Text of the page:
Air Bags and Hand Positions

Traditionally, driving schools the world over have taught students to grip the steering wheel at ten and two o’clock. However, there’s a rumour going around that with the advent of air bags that this is now dangerous, and can lead to you breaking your arms if you’re in an accident and the air bag goes off. This same rumour says that police and driving instructors now recommend that you hold the wheel at eight and four o’clock. This is completely wrong. The rules are still the same, ten and two. There are two reasons for this. One is that the eight and four position will lead to lazy driving, since your hands are low and your arms often resting on your thighs. This is more than enough to land you in hospital if you’re not paying attention to your driving. The other reason is that you have far less control of delicate steering with your hands in that position, resulting in having to tear the wheel around if something appears in the road. Ten and two is safe. Eight and four is not.

Exactly How Many Car Lengths?

So, you’ve probably been told that you should stay at least two car lengths behind the car in front in normal driving conditions, and three in snowy or icy conditions. However, safety isn’t measured in car lengths, but in time. Your following distance needs to take into account how long it will take you to stop, which needs to take into account your speed rather than distance. The correct advice is that you should be six seconds behind the car in front in normal conditions, and ten in bad weather conditions. Following the car length rule could land you in hospital, depending on the speed you’re driving…

Skid Steering…

So, the old advice says that if you start to skid you should steer in the direction of the skid. However, there’s a new piece of advice that says with the advent of more front wheel drive cars you should now steer in the opposite direction of the skid. This is ridiculous. Whichever kind of steering you have, steering in the direction of the skid (as long as you don’t over correct) will help you regain control of your vehicle, and then gradually bring the vehicle to a stop. Steering in the opposite direction of the skid will not do anything to make your vehicle stop, although it will make an impressive screeching noise, just like in the movies.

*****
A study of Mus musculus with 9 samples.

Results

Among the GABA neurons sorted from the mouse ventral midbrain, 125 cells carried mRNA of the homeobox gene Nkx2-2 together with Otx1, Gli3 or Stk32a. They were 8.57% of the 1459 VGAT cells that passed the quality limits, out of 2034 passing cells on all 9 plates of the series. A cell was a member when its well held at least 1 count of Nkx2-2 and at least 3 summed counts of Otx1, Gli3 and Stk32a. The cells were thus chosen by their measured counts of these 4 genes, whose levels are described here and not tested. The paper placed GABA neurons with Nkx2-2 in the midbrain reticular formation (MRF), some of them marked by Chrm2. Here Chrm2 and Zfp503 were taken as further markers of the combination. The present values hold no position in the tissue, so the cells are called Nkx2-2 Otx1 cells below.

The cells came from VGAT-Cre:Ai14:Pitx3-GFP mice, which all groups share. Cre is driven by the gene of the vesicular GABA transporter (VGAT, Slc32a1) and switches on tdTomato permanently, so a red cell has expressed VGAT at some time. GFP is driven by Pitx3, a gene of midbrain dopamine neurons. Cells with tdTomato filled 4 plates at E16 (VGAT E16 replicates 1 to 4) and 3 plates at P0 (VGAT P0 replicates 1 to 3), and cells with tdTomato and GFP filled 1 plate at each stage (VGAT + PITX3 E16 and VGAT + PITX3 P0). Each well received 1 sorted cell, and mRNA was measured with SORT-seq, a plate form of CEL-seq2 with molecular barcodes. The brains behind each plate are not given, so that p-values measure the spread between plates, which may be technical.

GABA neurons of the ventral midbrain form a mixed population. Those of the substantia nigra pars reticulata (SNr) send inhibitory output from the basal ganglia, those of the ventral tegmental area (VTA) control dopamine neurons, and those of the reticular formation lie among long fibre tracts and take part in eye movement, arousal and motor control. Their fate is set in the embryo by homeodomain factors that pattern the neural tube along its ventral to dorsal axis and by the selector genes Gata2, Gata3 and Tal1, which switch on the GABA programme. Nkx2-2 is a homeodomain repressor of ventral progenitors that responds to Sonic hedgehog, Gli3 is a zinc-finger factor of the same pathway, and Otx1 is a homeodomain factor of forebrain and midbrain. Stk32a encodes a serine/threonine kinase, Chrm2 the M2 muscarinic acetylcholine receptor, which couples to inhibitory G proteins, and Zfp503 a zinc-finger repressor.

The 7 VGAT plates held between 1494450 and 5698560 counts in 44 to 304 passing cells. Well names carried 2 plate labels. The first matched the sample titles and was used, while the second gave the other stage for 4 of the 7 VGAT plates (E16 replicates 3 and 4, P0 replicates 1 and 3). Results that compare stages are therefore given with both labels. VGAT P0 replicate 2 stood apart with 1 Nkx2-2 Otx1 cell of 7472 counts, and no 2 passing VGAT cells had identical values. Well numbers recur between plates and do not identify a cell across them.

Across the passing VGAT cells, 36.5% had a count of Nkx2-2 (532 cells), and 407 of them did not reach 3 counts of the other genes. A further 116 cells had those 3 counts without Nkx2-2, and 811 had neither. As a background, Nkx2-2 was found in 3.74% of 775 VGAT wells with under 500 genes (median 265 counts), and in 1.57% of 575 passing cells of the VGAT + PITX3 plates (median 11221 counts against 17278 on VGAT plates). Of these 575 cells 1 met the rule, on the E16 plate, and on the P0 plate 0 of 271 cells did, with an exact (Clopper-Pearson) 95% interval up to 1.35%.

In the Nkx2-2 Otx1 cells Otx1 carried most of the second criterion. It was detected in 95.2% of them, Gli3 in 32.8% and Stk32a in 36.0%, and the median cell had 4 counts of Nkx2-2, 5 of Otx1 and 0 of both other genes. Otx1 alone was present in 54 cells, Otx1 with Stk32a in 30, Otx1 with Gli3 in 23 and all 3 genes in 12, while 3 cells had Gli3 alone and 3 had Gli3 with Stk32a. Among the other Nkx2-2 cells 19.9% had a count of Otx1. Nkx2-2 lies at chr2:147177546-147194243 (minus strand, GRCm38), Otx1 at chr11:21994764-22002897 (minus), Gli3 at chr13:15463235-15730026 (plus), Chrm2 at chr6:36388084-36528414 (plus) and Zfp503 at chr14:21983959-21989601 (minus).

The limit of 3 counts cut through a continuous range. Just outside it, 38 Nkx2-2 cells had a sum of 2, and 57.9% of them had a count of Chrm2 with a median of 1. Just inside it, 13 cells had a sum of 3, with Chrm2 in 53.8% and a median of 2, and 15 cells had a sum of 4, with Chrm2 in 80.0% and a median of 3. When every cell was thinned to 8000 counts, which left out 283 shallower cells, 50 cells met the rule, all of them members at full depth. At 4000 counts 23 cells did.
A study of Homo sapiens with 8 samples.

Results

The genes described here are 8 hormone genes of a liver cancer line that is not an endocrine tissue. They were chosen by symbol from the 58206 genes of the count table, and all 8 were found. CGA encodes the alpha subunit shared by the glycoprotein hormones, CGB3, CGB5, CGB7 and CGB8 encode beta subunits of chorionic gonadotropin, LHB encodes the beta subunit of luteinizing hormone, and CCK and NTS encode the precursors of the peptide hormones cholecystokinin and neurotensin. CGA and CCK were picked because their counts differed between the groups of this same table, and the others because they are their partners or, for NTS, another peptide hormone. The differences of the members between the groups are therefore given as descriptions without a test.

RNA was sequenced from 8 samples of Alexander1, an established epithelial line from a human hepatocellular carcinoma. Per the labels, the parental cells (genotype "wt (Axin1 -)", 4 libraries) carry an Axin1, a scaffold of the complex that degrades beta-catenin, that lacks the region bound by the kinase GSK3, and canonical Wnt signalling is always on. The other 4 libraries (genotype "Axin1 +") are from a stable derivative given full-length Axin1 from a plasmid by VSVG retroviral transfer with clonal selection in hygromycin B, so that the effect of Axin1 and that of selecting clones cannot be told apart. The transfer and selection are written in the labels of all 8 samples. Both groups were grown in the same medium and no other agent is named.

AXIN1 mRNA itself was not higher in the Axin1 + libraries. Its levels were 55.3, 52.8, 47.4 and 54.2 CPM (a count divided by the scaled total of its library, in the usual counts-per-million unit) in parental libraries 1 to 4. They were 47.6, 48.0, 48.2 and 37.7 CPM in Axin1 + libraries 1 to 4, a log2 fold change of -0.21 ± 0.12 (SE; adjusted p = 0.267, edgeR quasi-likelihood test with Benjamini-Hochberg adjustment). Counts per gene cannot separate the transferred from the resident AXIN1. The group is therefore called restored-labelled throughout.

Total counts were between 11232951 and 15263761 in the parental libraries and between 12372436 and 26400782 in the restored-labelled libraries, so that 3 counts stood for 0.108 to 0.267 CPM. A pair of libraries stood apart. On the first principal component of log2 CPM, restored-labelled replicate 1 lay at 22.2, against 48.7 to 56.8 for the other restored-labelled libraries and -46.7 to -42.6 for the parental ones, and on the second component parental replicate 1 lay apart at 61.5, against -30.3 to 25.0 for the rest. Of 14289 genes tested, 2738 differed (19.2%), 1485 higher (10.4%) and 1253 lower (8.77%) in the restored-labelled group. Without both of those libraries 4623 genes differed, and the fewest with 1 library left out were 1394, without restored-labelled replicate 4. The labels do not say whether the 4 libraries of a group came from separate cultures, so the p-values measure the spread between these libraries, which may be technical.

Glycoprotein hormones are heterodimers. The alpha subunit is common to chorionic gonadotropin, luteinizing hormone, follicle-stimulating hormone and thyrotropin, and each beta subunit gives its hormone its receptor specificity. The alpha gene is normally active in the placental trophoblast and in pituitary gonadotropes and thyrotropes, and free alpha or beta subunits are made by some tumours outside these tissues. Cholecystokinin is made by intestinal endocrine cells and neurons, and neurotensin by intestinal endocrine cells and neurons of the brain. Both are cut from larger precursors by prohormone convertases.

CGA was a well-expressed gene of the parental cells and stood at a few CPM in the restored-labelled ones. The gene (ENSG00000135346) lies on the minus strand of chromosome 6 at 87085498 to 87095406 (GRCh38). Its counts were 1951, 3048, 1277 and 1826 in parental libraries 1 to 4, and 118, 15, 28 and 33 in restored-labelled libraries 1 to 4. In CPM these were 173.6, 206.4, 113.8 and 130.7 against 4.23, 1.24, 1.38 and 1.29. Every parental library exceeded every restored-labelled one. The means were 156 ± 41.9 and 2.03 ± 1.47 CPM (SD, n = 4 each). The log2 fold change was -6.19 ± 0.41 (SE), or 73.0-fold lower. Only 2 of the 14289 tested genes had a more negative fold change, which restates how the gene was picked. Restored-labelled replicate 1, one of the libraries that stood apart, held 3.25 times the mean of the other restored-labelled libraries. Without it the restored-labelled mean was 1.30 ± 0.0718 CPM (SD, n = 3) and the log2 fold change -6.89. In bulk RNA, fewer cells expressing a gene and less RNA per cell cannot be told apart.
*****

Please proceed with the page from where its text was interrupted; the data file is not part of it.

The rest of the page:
Speeding Up

So, the vehicle in front of you is doing the speed limit, and you want to overtake. Popular wisdom says that you should speed up, above the speed limit, in order to accomplish this over taking within a safe time limit. What this advice completely ignores is that if the vehicle in front of you is doing the speed limit there is absolutely no reason at all that you should want to overtake it. What you should do is slow your own speed below the speed limit until you are at a safe following distance, and then proceed back up to the speed limit, leaving the car in front to go on his merry way. Breaking the speed limit to overtake could land you in trouble.

Phil Turner runs his insurance through a car insurance comparison website every year and always finds some way to get a better deal. He has a good driving record because he ignores every  piece of bad advice that less experienced drivers give him.